When he cofounded his first sandwich shop in 1965, 17-year-old Fred DeLuca planned to use his profits to pay his way through medical school. But the combination of quality ingredients and friendly service at the shop—then called Pete's Subway—proved so popular that nine years later, he and his partner found themselves in charge of 16 locations across Connecticut, and Fred left behind his doctoring plans for a career in business.
Today, Subway restaurants number over 34,000 around the world—almost as many shops as there are sightings of Elvis buying cold cuts. At each location, staffers pile sliced ham, marinara-slathered meatballs, and other fillings into halved loaves of bread before customizing handhelds with tomatoes, shredded lettuce, and other healthy toppings plucked from chilled containers behind the counter. Salads free crisp veggies from bread's overprotective embrace, and crunchy baked chips or apple slices accompany entrees to tables. Subway's website also facilitates health-conscious eating by listing each item's nutrition information and fastest mile time online.
The chefs at Big John’s Cheesesteaks & More grill up Philly favorites alongside American and Italian-American fare. They place 100% beef and chicken steaks on fresh-baked buns, topping them with cheeses such as mozzarella, provolone, or cheese whiz. Added toppings of bacon, pepperoni, and mushrooms melt right into customers' gooey cheese of choice. Pizzas, sandwiches, burgers, and hoagies, and salads of thai-chili chicken or goat cheese, walnuts, and craisins round out the menu, and a free pickle bar displays more than 13 varieties of pickles that, like people, get wrinkly when soaked in vinegar.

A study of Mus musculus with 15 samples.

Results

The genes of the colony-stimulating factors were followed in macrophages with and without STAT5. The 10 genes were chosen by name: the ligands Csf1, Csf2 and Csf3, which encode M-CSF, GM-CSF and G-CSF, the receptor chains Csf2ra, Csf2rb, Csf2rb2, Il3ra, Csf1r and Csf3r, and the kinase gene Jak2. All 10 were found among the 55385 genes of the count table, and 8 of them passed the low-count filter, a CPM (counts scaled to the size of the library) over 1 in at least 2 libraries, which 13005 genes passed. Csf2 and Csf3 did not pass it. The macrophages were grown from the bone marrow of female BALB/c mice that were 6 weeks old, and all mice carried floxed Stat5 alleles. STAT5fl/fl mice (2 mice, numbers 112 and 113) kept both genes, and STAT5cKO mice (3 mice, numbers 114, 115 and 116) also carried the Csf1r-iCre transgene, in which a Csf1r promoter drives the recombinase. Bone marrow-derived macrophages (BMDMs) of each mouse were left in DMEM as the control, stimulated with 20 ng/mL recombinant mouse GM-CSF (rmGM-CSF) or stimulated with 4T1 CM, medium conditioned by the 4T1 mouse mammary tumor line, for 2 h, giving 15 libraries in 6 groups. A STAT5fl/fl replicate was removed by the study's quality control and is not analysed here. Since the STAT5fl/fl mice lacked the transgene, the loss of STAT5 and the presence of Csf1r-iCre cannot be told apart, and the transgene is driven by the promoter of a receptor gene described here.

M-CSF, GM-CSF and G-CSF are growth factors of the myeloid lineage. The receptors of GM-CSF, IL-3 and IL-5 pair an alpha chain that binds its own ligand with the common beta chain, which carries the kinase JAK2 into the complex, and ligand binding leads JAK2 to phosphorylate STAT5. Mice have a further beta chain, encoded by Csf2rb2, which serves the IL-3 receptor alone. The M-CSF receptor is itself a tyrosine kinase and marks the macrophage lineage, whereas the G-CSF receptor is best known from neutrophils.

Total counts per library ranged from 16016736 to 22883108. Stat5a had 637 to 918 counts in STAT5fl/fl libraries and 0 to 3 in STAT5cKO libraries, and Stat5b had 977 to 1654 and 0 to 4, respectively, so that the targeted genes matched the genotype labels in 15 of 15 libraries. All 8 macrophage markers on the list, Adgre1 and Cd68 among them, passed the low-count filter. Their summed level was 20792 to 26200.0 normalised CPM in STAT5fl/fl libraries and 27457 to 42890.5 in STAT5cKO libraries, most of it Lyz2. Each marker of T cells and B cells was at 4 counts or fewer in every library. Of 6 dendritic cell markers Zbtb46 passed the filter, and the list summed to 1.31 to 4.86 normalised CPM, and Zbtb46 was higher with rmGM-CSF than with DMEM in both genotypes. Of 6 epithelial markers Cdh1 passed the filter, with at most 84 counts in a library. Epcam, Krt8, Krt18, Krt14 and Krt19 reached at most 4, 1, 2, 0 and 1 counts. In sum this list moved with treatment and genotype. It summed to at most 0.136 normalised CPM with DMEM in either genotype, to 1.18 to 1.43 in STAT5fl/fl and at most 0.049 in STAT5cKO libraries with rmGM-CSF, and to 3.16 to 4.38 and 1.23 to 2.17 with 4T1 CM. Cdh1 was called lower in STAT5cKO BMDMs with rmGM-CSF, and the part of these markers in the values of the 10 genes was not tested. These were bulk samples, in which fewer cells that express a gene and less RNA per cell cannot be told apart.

Inspired by the traditions of Tuscany, Napoli, and Sicily, the chefs at LaTerrazza prepare a diverse spread of fine Italian dishes. They craft a range of appetizers, pastas, meat-laden entrees, and house specialties such as the crabmeat angela—fresh jumbo lump crabmeat drizzled in blush cream sauce and served over pasta. For lunch, they add 10 different paninis to the mix, which can feature ingredients that range from portobellos to beef tenderloin. All the while, diners, much like nervous jurors about to reveal a verdict, pass around bottles of wine brought from home.
Vitarelli's Restaurant, in business since 1976, slings a stunning selection of time-tested Italian delicacies. The Vitarelli sampler beckons visiting taste buds to board a vessel of crispy mozzarella sticks, chicken wings, and fried zucchini served alongside a marinara sea ($9.95). Twirl a forkful of pasta and meatballs ($9.95) or probe the cheesy pastascape of baked ziti ($10.95) with the same acuity that allowed Christopher Columbus to find India. Peer through the crusty bread bars of an extensive sandwich zoo, which houses sausage parmigiana ($5 for a small) and the Cherry Hill cheesesteak, with swiss and provolone cheeses co-existing peacefully beneath a warm blanket of fried onions ($6.50 for a small). Vitarelli's sociable staff also rolls out an array of pizzas ($6.95 for a 9"), whose doughy canvasses sport paint-by-number classics as well as avant garde mexican and BLT specialty pies.